MONTANA

Let’s get this straight: Was a unicorn behind the wheel of a truck that crashed in Billings? A deputy prosecutor told a judge that story in all seriousness, asking for a high bond because he thought the driver had claimed a unicorn was driving. But the prosecutor misunderstood a colleague’s e-mail using the term “unicorn defense” — legal slang for a defendant blaming anybody but himself for an accident, reports the Associated Press. In this case, the driver, Philip Holliday Jr., told police that “an unnamed woman” was driving when his truck hit a light pole. Holliday has serious problems, said the county attorney, but hanging out with reckless unicorns is not one of them.

THE WEST

It’s no secret that riding in the back of a pickup isn’t safe, but it sure seems like fun to dogs. They brace their four legs and stand proud, noses sniffing air redolent of roadkill, and whenever a truck corners, there’s a little sideways slide to enjoy. Border collies seem most at home traveling in the open air, maybe because they get to sit on the very top of bales of hay. But for a Democratic legislator in Colorado, dog abuse can be defined as allowing unrestrained canines to ride in truck beds. Her bill to ban the practice provoked a flurry of letters to several newspapers, but then seemed to go nowhere fast. Meanwhile, in Arizona, a bill banning children from truck beds — unless all the seats in the cab are filled — also went down, and not for the first time. Bills banning kids from truck beds have been introduced in Arizona for more than 20 years, and each time they’ve been defeated, reports AZCentral.com. We can see the bumper sticker now: Truck Beds, The Last Bastion of Freedom.

IDAHO

If you consult the handy little Idaho Legislative Directory and call the number listed for the Legislative Information Center, get ready for a surprise, says NewWest.com. “You’ll get a cheery female voice asking you to consider what Jesus Christ has done on your behalf, and if you’re ready to meet God and other existential questions.” The headline on Jill Kuraitis’ story offers the right number by noting: “Jesus’ phone number is not 332-1000.” That inspired a reader to complain, “I gave myself to Jesus, and now he never calls.”

NEVADA

The Stardust Hotel-Casino on the Las Vegas strip bit the dust in 10 seconds on March 13, the 2:30 a.m. demolition timed to meet few crowds and little traffic. It will be replaced by a $4 billion 5,300-room complex called Echelon. The Stardust was only middle-aged — 48 — but that’s ancient by Las Vegas standards, reports the New York Times. The resort leaves at least one mourner, 23-year-old Joel Rosales, whose Web site, LeavingLV.net, pays tribute to such demolished properties, including the Dunes, Hacienda, and the Sands. “I am disappointed that we as a city have no sense of preserving our past and heritage,” he said, “no matter how tacky or out-of-date it might be.”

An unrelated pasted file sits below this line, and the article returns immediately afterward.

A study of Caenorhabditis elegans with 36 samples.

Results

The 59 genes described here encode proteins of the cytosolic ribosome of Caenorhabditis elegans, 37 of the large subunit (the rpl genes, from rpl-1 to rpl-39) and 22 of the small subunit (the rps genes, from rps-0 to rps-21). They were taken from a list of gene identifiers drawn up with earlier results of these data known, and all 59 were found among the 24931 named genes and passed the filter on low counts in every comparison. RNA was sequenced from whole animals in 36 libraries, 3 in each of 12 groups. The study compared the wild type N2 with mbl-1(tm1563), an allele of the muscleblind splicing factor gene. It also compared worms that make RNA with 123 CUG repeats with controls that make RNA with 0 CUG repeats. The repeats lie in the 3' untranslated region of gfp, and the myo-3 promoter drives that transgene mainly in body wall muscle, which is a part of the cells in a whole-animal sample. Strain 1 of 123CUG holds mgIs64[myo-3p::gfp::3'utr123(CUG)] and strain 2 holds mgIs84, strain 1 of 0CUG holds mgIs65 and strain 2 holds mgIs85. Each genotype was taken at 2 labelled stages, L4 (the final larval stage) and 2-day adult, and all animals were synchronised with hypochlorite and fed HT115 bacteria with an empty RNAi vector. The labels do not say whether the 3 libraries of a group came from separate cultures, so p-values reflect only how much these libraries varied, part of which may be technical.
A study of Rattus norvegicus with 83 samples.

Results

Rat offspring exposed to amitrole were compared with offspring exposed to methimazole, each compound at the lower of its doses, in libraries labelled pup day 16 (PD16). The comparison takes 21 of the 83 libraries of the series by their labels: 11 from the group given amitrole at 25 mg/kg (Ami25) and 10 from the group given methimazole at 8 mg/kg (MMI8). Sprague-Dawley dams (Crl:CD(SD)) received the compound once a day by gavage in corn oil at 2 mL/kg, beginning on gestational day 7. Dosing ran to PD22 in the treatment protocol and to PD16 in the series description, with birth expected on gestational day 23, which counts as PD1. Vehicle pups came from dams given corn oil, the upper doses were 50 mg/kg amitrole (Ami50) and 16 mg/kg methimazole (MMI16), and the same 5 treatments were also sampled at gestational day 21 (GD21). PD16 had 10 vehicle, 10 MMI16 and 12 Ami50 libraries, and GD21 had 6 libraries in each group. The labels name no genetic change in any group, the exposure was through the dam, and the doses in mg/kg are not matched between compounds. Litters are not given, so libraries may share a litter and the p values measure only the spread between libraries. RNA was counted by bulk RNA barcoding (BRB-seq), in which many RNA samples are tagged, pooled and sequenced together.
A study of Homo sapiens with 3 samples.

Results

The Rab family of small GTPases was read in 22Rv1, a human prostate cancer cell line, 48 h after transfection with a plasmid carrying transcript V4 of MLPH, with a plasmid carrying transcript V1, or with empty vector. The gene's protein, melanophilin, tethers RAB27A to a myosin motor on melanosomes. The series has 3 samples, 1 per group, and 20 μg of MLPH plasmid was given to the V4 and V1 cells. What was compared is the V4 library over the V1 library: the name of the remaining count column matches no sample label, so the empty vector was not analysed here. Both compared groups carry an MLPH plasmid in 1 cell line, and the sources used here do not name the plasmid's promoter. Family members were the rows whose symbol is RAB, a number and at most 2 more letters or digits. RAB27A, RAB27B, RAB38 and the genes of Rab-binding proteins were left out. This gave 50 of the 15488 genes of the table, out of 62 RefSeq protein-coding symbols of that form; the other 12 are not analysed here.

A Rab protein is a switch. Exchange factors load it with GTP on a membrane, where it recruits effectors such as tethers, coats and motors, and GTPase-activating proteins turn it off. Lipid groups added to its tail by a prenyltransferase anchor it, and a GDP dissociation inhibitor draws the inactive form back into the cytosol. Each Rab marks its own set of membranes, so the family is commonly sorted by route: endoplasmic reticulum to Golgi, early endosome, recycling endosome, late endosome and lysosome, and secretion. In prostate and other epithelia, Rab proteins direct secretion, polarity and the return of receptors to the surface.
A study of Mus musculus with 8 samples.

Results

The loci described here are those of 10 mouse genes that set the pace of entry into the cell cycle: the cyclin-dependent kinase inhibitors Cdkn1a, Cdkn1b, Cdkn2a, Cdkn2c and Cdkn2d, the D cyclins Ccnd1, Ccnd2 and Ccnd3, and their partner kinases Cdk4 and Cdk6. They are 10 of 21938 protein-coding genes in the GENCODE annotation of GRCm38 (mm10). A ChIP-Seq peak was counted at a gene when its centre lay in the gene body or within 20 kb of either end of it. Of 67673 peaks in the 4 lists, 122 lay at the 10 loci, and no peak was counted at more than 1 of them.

WASHINGTON

Commuters to Seattle have it rough, and it’s getting rougher. That was never more obvious than this winter, when University of Washington administrators found that snowplow operators couldn’t get in to do their jobs. “The next time snow was forecast, the university put them up in hotels.” The Seattle Post-Intelligencer offered statistics that reveal the conundrum: In 2006, “the typical Seattle family of four earned $74,300 — about $30,000 less than the income needed to afford the typical home sold that year.” The result: Just 49 percent of the people who work in Seattle live in the city. The bad-news story spurred dozens of on-line comments from people bemoaning 110-mile commutes, salaries of under $34,000, and job offerings that keep salaries at rock bottom while ratcheting up requirements for education and experience. On the other hand, an employer noted what happened when he advertised for the job of a highly skilled “wireless radio engineer”: There were no applicants, while an opening for administrative assistant brought in 90 applications. Skyrocketing housing prices, though, dominated the discussion. One man said he and his working wife finally realized they will never be able to afford to live in the city; Seattle, he concluded, “is so rich it can afford to do away with common sense.”

ALASKA

When a biologist in a helicopter shot a moose with a tranquilizer dart, the animal failed to fall flat as expected. Instead, it charged the helicopter and forced it to the ground, in an area some 50 miles from Juneau that can boast of more moose than people. The pilot and biologist were unharmed, reports the AP. The defiant moose was less fortunate: It was slashed by the spinning tail rotor, and had to be killed.